Great Lakes: Where’s the justice?
Do you dream of being Gwen Ifill or John Stewart? I don’t, but nonetheless I recently had a chance to moderate a panel as part of Great Lakes Week. The team, assembled by Associate Professor McGee Young of Marquette University and co-sponsored by The Water Council, included noted author Charles Fishman, Surabhi Shah, Director of EPA’s Urban Waters Program and Carrie Bristoll-Groll, Principal Civil Engineer of Stormwater Solutions Engineering. Great Lakes Week had dozens of panels and headline speakers for people to choose from, but our panel had a unique charge: to reflect on the “future of the Great Lakes as seen through the lens of ecological justice.”
As it turns out, that is more easily said than done. Compared to the gut-wrenching stories of Sub-Saharan Africa, where women walk miles (or should I say, kilometers) to fetch their families’ water, or to the water wars that broke out after Bolivia privatized its water supply, the challenges of the Great Lakes — where the fresh water reservoir is so vast the far shore is beyond what the eye can see — seem trivial. Or perhaps they are just invisible.
When I think of social justice in the Great Lakes, and the Milwaukee region in particular, the first thing that comes to my mind are the many industries and jobs that are built on access to water: brewing, mining, paper manufacturing, power generation, shipping, tourism, research and more. And then I wonder about who has access to the profits, wealth and skilled employment that those enterprises bring. Is that wealth equitably distributed? Do all sectors of our regional society benefit reasonably equally from the money machine that the Great Lakes represent? Based on who I see at Water Council events versus who lines up for a free meal at The Guest House, I hypothesize that the answer is “no.”
When the fertilizers favored by golf course managers and lovers of green lawns make their way into our lakes and rivers, resulting in toxic algae blooms, does that affect all segments of society equally? Do those with access to pools or vacation get-aways “pay” for beach closures in the same way as those for whom a picnic at Bradford Beach is as exotic as it gets?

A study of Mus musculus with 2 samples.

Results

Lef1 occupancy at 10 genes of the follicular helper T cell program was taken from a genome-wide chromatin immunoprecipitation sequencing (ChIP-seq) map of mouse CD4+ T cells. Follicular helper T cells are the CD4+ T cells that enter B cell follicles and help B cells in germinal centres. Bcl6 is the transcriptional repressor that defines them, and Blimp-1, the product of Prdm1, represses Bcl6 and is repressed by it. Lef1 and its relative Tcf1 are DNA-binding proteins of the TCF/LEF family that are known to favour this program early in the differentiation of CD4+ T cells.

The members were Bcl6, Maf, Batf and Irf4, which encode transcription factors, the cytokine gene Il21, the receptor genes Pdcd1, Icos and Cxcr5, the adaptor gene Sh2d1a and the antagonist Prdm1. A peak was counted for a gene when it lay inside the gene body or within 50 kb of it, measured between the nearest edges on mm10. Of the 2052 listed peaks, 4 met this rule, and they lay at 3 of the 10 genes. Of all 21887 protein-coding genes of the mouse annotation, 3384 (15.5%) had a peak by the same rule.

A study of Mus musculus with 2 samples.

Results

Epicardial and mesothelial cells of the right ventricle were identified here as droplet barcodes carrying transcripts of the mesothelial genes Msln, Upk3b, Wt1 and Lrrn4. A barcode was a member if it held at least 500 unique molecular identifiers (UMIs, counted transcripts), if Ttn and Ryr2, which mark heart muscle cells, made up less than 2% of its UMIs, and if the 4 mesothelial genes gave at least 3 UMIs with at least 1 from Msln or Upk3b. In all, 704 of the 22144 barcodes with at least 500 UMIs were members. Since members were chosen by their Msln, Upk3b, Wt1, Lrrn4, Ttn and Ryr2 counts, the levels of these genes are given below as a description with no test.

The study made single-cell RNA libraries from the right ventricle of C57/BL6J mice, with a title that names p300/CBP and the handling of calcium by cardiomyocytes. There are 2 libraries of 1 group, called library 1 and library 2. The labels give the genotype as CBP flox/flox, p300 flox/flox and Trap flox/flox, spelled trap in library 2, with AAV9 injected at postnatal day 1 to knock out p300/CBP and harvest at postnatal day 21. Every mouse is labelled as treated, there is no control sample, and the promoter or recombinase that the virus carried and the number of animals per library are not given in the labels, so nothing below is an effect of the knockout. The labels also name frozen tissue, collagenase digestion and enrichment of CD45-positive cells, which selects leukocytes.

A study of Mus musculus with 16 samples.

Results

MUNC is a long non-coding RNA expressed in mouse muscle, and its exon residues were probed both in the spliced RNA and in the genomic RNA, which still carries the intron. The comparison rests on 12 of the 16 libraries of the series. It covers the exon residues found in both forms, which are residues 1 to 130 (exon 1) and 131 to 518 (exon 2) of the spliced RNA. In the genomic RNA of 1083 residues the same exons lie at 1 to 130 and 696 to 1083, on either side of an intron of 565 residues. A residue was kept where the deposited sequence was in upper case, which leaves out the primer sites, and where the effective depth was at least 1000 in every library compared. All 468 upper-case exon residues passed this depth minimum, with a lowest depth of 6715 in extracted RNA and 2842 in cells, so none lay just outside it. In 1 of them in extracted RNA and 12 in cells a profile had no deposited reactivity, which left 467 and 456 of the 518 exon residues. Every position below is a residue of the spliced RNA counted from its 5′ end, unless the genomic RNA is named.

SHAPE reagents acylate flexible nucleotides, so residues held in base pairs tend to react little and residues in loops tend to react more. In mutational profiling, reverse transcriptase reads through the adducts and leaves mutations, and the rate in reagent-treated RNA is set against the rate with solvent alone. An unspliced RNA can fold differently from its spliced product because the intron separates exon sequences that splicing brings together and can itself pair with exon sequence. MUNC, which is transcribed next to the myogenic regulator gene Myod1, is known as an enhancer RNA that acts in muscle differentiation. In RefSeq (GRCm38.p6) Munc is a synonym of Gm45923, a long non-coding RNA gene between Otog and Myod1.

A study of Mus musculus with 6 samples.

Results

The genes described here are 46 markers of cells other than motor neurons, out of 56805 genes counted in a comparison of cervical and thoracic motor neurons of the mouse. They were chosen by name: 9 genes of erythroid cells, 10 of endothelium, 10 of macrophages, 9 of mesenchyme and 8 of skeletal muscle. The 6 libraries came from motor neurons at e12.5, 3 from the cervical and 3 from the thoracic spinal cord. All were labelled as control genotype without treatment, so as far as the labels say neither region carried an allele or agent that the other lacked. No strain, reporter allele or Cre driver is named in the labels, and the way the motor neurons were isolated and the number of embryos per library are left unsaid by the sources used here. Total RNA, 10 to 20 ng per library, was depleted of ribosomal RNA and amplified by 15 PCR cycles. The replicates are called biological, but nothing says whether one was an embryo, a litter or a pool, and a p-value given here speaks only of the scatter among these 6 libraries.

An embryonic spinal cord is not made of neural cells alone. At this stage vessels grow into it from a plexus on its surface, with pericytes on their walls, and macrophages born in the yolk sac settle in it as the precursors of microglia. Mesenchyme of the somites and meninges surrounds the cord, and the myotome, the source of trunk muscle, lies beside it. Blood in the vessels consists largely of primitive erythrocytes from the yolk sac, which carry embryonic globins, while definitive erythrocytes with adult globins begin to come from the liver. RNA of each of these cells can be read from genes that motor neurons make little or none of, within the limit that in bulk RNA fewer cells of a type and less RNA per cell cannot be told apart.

And when our failing infrastructure leaves the poorest residents of Milwaukee with disproportionately high water bills, is that social justice? When water gets turned off because of failure to pay, and people lose custody of their children, as has happened in Detroit, is that social justice?
When kids in poor neighborhoods have no stream to dip their toes into on a sweltering summer day, because their streams are buried in pipes a few feet underground, is that social justice? Does the answer change when we think about the urban heat island effect and who contributes to it the most?
As moderator, I tried repeatedly to bring the conversation back to social justice, but as I cast my line over and over again, the closest we could come was when Waukesha’s application for a Great Lakes diversion came up toward the end of the discussion. There are many aspects to this heated issue, but one that gets very little consideration is who will pay for the pipeline and pumps if they are built and then not needed? Technology is changing so rapidly that Waukesha already has options that it didn’t have five years ago. Other cities are pioneering the use of recycled water and grey water. Household appliances continue to become much more water efficient, and native landscaping is becoming more prevalent, leading to a national downward trend in water use. Waukesha’s application is predicated on significant growth in water demand, but other regions of the country are experiencing flat or declining water use, even as population grows. How will this play out in Waukesha? What if the pipeline is obsolete shortly after completion? Will that debt affect everyone equally? Is there a social justice angle to the diversion application?
As moderator, I can get away with not knowing the answers. But I need to ask the questions. Maybe then the issues won’t be quite so invisible.
If you missed the panel discussion, you can find it online at Wisconsin Eye.